The mourning tree

Several years ago, I hugged my first tree.

It was a tall, beautiful tree planted in the yard of a Unitarian church built by Frank Lloyd Wright in Spring Green, Wisconsin.  A gorgeous tree.  A symbolic tree.

Even more than these, it was a funerary tree.

Anyone who is a fan of the architect Wright knows the tragic story of Taliesin, of how he not only lost his house to fire but how he lost his lover to a brutal murderer who had once been a servant.  Frank Lloyd Wright’s lover was Mamah Borthwick Cheney, a strong Chicagoan feminist who left her husband Edwin for the architect who’d designed their house.

It was very a very scandalous affair.  Society wasn’t open to such things back in the early part of the 20th century.

Fast forward to the tree.

It is said that Wright was so distraught over the loss of his lover that he buried her himself under a great big tree on the grounds nearby the Unity Chapel in Spring Green.  The above photo shows the tree beneath which Mamah is buried.  Wright never placed a grave marker on the site.  His grief was too great.  Later, a small, flat marker was placed on the site, but it was not done by Wright.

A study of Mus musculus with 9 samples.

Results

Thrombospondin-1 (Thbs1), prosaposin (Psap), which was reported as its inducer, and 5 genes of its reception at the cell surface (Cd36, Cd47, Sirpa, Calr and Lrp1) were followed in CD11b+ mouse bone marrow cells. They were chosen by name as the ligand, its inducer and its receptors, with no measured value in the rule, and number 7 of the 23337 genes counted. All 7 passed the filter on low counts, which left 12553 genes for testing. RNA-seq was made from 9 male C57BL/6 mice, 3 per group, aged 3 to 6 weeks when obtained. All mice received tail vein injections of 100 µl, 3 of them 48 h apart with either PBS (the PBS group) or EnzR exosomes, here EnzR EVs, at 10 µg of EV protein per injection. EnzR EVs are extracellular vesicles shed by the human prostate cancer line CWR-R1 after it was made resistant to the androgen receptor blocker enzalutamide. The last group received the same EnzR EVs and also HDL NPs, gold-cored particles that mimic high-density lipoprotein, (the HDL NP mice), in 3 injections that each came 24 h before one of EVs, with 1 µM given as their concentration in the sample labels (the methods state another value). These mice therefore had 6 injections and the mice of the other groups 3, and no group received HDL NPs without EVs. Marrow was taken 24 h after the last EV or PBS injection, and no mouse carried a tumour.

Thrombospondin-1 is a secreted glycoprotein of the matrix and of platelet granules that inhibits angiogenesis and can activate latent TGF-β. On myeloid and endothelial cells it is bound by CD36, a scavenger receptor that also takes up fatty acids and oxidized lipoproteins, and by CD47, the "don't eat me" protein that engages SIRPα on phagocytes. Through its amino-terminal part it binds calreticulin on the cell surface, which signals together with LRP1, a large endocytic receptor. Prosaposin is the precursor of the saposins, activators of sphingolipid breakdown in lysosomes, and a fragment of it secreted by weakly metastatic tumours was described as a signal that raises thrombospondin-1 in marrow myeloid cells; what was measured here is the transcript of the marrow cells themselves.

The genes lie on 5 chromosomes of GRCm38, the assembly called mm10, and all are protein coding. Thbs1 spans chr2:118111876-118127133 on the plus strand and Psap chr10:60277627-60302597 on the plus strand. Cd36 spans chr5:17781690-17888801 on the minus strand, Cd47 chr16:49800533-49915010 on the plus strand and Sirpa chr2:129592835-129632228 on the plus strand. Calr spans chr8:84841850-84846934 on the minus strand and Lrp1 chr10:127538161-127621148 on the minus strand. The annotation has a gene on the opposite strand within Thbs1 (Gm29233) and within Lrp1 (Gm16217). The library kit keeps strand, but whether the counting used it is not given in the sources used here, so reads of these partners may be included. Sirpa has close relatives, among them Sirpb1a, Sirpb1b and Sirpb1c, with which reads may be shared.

Mr. LaVeaux and I were roaming around the grounds, looking for her grave when we noticed the big tree and the former resting place of Mr. Wright, the headstone quite visible beneath the tree.  We walked around the tree and there on the ground just to the left of Mr. Wright’s grave was a simple marker with the name of Mamah carved into its smooth surface.

The tree had become her headstone.  How appropriate, I thought, for the lover of a man who devoted his entire life to organic architecture.

I felt so moved by encountering Mamah’s grave that I stepped right up to that tree and gave it a hug.  I wrapped my arms around it and touched it.

It seemed as if the tree wanted to hug me in return.

There was such a strong sense of sadness emanating from the bark of the tree.  I laid my cheek upon the rough surface and spoke to Mamah.  I didn’t say much, but I did say how sorry I was that her love, and her life, was cut short at the hands of a murderer.  The sorrow poured out of the tree and I felt my heart grow heavy.

I could have stood there forever, but we needed to get up to the house itself for our scheduled tour.

If you like Frank Lloyd Wright and haven’t been there yet, I suggest a trip to Spring Green, Wisconsin.  Go to Taliesin.  See the Unity Chapel.  And when you are there, go to the big tree near the building.  See if you feel the sorrow.